This is the pulor fruit which you can get easily in the rural parts of Sarawak or buy in a native market.
Often eaten when it is still young and very easy to slice it is a good food when there is nothing much else to be had. In fact it can be considered by many as a delicacy as it is only once a year kind of fruit for the Ibans in Limbang division in particular.
There are of course many ways of cooking it. The best is still by boiling without any oil. Throw in freshly cut pieces of the fruit (one fruit is enough for the whole family of six)into hot boiling water. Blanch for a while and then throw away the hot water. Now cook ikan bilis with some chillies and some salt and pepper untilthe water is boiling hot. Throw in the pieces of blanched pulor and cook until water is only a third of its original amount left. The gentle tasting fresh fruit is nice with hot fresh newly harvested rice. You can cook it Malay style with santan. You can curry it too. And you can add it to chicken and make a thick curry.
When visiting a longhouse one can be really well fed. The gracious Iban host is like a Kurd host "who believes that a guest will bring ten blessings. He will eat one and leave nine behind." Usually he will make sure that his family will cook good food for his visitors. If it is a large group of people coming to visit the longhouse the whole community will bring and share their food with the visitors. This is kind of hospitality is really incredible to some foreigners.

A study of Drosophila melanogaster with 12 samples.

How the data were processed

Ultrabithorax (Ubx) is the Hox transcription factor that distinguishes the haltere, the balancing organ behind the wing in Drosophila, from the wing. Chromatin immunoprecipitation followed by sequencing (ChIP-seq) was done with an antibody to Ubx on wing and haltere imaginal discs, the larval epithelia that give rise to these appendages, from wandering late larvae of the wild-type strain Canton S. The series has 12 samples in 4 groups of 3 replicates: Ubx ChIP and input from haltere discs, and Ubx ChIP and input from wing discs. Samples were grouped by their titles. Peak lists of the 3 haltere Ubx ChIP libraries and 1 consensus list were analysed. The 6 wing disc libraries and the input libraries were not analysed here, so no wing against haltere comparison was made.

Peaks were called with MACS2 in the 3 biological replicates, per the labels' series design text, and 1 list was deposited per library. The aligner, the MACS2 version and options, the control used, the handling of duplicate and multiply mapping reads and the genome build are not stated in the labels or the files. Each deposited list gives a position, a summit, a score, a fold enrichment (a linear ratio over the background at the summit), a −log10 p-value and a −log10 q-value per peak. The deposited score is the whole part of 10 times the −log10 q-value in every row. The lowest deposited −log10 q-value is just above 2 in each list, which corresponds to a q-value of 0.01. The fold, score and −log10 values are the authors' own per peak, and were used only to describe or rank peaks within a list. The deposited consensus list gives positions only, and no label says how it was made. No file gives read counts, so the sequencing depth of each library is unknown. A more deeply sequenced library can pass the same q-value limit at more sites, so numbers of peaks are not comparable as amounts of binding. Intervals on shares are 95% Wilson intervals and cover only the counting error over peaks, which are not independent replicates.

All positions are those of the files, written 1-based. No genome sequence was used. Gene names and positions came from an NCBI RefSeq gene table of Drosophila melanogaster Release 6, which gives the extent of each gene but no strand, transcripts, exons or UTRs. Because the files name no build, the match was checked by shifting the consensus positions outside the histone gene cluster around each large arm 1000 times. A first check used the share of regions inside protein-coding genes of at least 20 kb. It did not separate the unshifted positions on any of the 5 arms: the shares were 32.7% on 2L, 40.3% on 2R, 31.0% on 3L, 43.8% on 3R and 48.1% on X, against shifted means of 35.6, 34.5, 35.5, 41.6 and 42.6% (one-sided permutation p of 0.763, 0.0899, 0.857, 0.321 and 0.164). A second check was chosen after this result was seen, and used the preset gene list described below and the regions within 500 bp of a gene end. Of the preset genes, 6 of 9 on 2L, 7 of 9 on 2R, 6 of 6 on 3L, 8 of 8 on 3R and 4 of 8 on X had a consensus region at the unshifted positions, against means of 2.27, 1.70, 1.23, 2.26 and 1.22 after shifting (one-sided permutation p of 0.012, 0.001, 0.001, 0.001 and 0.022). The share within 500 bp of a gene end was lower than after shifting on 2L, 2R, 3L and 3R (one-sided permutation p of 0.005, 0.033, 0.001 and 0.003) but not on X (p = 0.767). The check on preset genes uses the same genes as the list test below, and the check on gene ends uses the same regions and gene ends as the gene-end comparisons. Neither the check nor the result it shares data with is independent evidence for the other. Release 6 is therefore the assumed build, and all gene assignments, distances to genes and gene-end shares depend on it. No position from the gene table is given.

Here is an example of a simple longhouse breakfast. An early morning meal consisting of this dish and rice will give you the energy to go far up the ulu by river. In the longhouse before one goes to the farm or hunting or just having a leisurely trip to see the old place one can just start the morning by plucking a pulor from the tree growing nearby for breakfast. That would be the exact idea for some of us ..and the pulor is free and the cooking is easy. Free and easy..one cannot have a better deal.
A fairly good trip one can make is to the once pristine Lanau Pantu of Ulu Limbang. Much of its beauty is all gone but you can still see some bits and pieces of the old Limbang river valley and some of the recognisable abandoned longhouse temuda. If you are accompanied by a few of your friends and relatives they would tell you their beloved stories of how one durian tree gave more than 10 years of good fruits and another dabai tree gave fruits to several generations of his family.
When men and nature are part of the circle of life God's presence is felt.
Pluck a young pulor from the tree for breakfast.
slice the top off and see the "latex" flowing out.
Trim the green skin off the fruit. You see a beautiful lacy and open cut design.
Cut the fruit longitudinally.
Make smaller slices.
First blanch and then boil again.
Serve small bowls of the pulor soup with freshly cooked rice.
This breakfast is good enough to help you through several hours. And for lunch who knows you can catch a fish (in the old days it would definitely be semah or some prawns when the water was good and no timber man had set foot on the river bend).
Many years ago my children were lucky to be part of a pleasure trip that ended up with a big catch of a wild boar....the dog and gun had a share too of the game by longhouse terms and conditions. (More about this later) this is how lucky one can be with nature that is still in its original state.
But for now free fruits like pulor will just be adequate.